Students, teachers march for racial equity reform in Philly schools

Demands include school-based racial and bias training, funding of restorative justice and trauma response practices, and equitable hiring practices.

Councilmember Kendra Brooks

Councilmember Kendra Brooks speaks to supporters about more equitable Philly schools at district headquarters Sunday. (Kimberly Paynter/WHYY)

Updated: 6:35 p.m.


In recognition of protests over the police killings of Black Americans like George Floyd and Breonna Taylor — as well as the deep health and economic disparities the coronavirus pandemic has unleashed on communities of color — Philly area students and teachers took to the streets Sunday for an Educators and Students for Black Lives March.

Led by Black education organizations such as the Racial Justice Organizing Committee (RJOC) and the Melanated Educators Collective (MEC), in addition to Black Lives Matter Philly and a host of other groups, the march made its way from City Hall to the School District of Philadelphia’s offices on North Broad Street. Marchers are demanding that the district make immediate structural changes to address issues of racial equity within schools.


“Before we were doing this, [we] started organizing Groceries for Philly, which is a place where we’re going into the communities that really have food deserts and making sure that they are able to access fresh food,” Brazas said in an interview before the march.

“Not being able to be in school because of COVID-19 has really highlighted the ways that we rely on our students and they rely on us.”

“Currently, our schools do not function as places of freedom and safety for Black and brown students,” Brazas said. “These demands are a starting place for making schools in Philadelphia more racially just.”


Keziah Ridgeway and Dana Carter
Keziah Ridgeway, teacher at Northeast High School (left) and Dana Carter, La Salle University professor and policy advisor at the Melanated Educators Collective. (Kimberly Paynter/WHYY)

“Hearing those stories, I think all of us that were Black or teachers of color … we were angry. We just knew that it was time to make our voices heard,” Ridgeway told WHYY. “Teachers make their voices heard in classrooms, and now we’re gonna bring it to the streets.”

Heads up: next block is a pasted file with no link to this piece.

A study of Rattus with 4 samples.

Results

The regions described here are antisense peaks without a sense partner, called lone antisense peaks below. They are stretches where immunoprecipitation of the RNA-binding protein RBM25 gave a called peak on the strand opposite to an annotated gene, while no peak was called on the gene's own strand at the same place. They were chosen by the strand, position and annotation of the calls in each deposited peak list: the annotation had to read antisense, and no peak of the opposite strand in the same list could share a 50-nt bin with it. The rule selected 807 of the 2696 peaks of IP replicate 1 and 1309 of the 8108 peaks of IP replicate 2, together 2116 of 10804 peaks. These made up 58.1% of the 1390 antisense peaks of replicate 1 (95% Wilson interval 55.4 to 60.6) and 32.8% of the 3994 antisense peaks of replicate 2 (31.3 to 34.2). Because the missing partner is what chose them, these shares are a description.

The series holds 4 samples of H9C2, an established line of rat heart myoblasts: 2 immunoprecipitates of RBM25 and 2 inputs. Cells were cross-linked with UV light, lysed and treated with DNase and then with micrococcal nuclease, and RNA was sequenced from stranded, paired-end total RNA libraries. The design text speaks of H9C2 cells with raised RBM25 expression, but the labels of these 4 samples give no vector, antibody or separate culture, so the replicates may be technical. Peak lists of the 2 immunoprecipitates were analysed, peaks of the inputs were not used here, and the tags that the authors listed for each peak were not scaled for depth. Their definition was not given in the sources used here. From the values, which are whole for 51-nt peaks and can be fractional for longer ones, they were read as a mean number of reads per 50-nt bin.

MEC and RJOC recently issued a list of 10 demands for the school district that calls for school-based racial and bias training, funding of restorative justice and trauma response practices in schools, and equitable hiring practices of Black teachers, among other reforms. More than 200 individuals and organizations have signed on to a statement of support for the 10 demands.

Philadelphia Home and School Council President Shakeda Gaines, Central High School student Mariame Sisoke and City Councilmember Kendra Brooks were among those who spoke to the crowd of several hundred people.

“We have to fight for restorative justice in our schools in place of police,” Brooks said, speaking to the push to remove police officers from security positions inside schools.

Data shows that schools with police are more likely to refer children to law enforcement, including for non-serious violent behaviors. In 43 states and the District of Columbia, Black students are more likely to be arrested than other students while at school, according to an analysis by the Education Week Research Center.

Sheyla Street
Sheyla Street, a junior at Central High School, talks about experiences she’s had with racist staff at Philadelphia schools over the years. (Kimberly Paynter/WHYY)

Students joined teachers in voicing their concerns over racial equity. Youma Diabira, a student at Central High School, spoke to the need for culturally responsive curriculums in Philly schools.

“Expand the curriculum,” Diabira said. “Black students deserve to read black books by Black authors.”

Central High student Sheyla Street spoke about the critical need in the Philadelphia School District for an official process for reporting violations relating to race and discrimination.

“How can Black teachers be there for Black students if they can’t speak up about racial injustices in their schools?” Street asked. “We demand for a process that protects students and staff that report violations of racism and discrimination.”

Of the march organizers’ demand that the school district institute antiracist training for all Philadelphia teachers and school staff, Central student Mariame Sisoke said, “This training must be ongoing and a regular process of professional and personal development.”

Andrea Caison and Amy Pittman, both public middle school teachers in Philadelphia, said they joined the march to advocate for the disproportionate number of Black students in special education.

“We need policymakers and educators to acknowledge that race matters,” Pittman said.

Caison added, “I believe that if we are really going to teach children the harms of racism, then we need to teach how to be anti-racist and it needs to start in the classroom, and the history books, and the literacy … all of that needs to be inclusive. Children need to see people who look like them and understand the contributions that people who look like them made to our history, instead of erasing it in our history books.”